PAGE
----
1st MTPJ fusion

Hallux rigidus surgery, 1st metatarsophalangeal joint fusion, 1st MTPJ arthrodesis
Summary

This operation is performed for symptoms caused by arthritis of the 1st metatarsophalangeal joint, also known as hallux rigidus.  This joint is the “knuckle” joint of the big toe.  Increasing pain and stiffness occurs as the joint surfaces get damaged. With worsening arthritis, the pain can get so bad that it interferes with your life. Pain killers may not help anymore and you struggle to walk any distance with severe pain as you “toe off” when walking.  Surgery involves removing the joint surfaces and fusing the joint to prevent any movement in the joint. This does stiffen the joint further but has the benefit of eliminating pain from the joint.

Factors to Consider

You have been diagnosed with hallux rigidus. It is likely that you have already tried non-surgical treatments for your foot such as pain killers, footwear modification, physiotherapy and injections.  

If these measures have not improved your symptoms then the next logical step is to consider surgery. A 1st MTPJ fusion, in which the joint surfaces are fused together, is the definitive surgical option for patients.  Some patients may, however, be more appropriate for a dorsal cheilectomy or a Cartiva procedure. Your surgeon will discuss what the best option for your foot would be.  

Description of Surgery

The operation can be performed as an open procedure or through a minimally invasive approach.  Open surgery is required for more severe cases.  The remaining joint cartilage is removed and the joint surfaces are pressed together and held with screws.  

The operation takes about 45-60 minutes.

Anaesthetic

The operation is usually performed under a general or spinal anaesthetic and so you will be given instructions as to when you need to stop eating and drinking (normally the night before) before you come into hospital.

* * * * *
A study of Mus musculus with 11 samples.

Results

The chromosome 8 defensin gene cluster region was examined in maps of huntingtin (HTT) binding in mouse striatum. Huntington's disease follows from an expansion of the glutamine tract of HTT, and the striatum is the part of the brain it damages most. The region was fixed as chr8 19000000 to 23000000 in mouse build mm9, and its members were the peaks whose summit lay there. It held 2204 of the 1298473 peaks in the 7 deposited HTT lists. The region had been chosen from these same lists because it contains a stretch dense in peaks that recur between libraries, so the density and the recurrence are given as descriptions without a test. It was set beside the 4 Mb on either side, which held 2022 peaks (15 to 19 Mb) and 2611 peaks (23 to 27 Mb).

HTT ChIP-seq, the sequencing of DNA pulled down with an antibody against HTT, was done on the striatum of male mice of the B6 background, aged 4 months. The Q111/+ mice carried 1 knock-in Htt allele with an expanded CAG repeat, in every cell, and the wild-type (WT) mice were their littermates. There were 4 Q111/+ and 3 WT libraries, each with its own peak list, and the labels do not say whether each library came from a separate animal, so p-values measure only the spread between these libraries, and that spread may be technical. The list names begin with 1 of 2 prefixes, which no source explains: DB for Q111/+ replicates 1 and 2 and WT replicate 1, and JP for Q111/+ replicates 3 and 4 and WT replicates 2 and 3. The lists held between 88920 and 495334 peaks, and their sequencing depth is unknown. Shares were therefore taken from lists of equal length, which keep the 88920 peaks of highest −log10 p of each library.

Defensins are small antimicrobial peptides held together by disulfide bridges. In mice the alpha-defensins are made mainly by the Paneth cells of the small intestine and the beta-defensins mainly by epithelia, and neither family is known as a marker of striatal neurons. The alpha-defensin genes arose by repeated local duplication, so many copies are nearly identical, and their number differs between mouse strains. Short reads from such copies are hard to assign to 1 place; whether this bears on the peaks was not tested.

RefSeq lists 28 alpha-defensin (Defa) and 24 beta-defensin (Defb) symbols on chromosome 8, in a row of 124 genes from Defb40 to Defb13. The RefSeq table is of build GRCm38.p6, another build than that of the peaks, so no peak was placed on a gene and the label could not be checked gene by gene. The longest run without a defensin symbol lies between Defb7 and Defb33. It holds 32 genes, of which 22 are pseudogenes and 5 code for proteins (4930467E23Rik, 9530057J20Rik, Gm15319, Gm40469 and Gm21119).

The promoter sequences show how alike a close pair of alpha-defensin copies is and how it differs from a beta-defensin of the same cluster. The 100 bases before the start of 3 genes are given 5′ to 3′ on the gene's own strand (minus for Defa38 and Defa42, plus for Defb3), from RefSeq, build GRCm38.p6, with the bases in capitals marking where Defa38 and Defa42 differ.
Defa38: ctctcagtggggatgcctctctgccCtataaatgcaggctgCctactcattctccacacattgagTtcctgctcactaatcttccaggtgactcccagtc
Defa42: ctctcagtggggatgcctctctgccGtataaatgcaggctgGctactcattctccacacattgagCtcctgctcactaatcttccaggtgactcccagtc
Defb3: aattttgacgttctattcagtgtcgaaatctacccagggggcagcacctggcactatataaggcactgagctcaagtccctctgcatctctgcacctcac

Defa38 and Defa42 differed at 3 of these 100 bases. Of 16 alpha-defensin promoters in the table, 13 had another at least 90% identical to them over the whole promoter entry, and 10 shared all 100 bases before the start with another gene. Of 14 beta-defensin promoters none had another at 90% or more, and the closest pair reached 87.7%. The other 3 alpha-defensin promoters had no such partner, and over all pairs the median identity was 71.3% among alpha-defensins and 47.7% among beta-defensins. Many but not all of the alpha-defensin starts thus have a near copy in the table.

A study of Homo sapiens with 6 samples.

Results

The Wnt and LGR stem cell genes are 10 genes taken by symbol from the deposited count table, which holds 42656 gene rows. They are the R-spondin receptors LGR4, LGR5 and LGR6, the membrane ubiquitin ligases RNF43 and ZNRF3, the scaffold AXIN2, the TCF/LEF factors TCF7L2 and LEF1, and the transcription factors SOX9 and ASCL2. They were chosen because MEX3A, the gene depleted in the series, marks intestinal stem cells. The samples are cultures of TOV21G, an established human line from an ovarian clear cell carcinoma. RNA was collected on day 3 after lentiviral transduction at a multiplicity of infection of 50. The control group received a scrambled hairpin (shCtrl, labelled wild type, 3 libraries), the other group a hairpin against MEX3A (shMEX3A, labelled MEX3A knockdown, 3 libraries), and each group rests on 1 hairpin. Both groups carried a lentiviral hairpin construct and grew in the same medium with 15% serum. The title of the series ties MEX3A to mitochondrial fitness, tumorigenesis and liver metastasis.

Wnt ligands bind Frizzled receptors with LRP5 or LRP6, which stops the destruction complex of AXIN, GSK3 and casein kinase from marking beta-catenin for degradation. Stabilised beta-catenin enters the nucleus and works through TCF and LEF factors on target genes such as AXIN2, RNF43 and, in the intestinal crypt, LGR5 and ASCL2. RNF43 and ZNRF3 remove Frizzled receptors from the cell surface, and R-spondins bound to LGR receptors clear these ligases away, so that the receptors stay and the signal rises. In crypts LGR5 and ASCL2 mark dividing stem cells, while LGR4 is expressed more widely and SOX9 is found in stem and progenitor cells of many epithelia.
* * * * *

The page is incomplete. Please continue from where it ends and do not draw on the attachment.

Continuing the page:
Your pain can be well controlled with local anaesthetic given during the operation.

What are the risks?

All operations involve an element of risk.  The risks for this particular operation are small but it is important that you are aware of them.

The main risk for this operation is a failure of fusion and consequently failure of fixation.  The surgeon is attempting to fuse two bones together which naturally are not fused.  Surgery provides the stability for the fusion to occur but you need to provide the “biology” to ensure the bones fuse together.  Smoking can affect this and so you should stop before surgery if you do smoke.  

The risk of infection is small and is thought to be about 1%.  Most infections will settle simply with antibiotics.  Damage to nerves and blood vessels around the foot can occur but this is rare.  

Any surgery to the foot may increase the risk of developing a clot in your leg (DVT).  Your surgeon will assess your risk of this prior to surgery and may offer you blood thinning medication if your risk is considered high.

After Surgery

Pain

Local anaesthetic will be used during the operation and so you will feel comfortable when you first wake up.  This can last up to 12 hours but the foot may be sore after it wears off.  You will be given a combination of pain killers to go home with.  

Dressings

You will wake up with your foot in a bandage with a heel weight bearing shoe.  This is a shoe that only allows you to put weight through the heel, thus protecting the fusion.  It is likely that you will need a heel weight bearing shoe for the first 6 weeks.  The surgeon will give you instructions as to when you can start to fully weight bear as this will depend on the appearances on the Xray.  

Physiotherapy

The physiotherapist should see you before the operation to explain some simple exercises you can do after the operation.  They will also ensure a physiotherapy appointment is made for you once you are fully weight bearing.  Physiotherapy can be arranged local to you.  

Driving

You can drive when you feel you are safe to drive.  This means that you feel confident that you have full control of your car and are able perform an emergency stop.  This will vary between patients but should not be before 6 weeks unless it is your left foot and you drive an automatic car.  

Return to work

This depends on what your job is.  You should be able to return to a “desk job” within a few weeks of your surgery.  If you have a more manual job it can take up to 12 weeks before you feel ready to return to work.  Please discuss this further with your surgeon or physiotherapist if you feel unsure.  A sick note can be given to you at the time of your surgery if required.  Please ask the nurses on the ward if you need one.

What to expect

Recovery following surgery can be quite variable but the expectation is that “it takes 3 months to be fair, 6 months to be good and 12 months to be right”.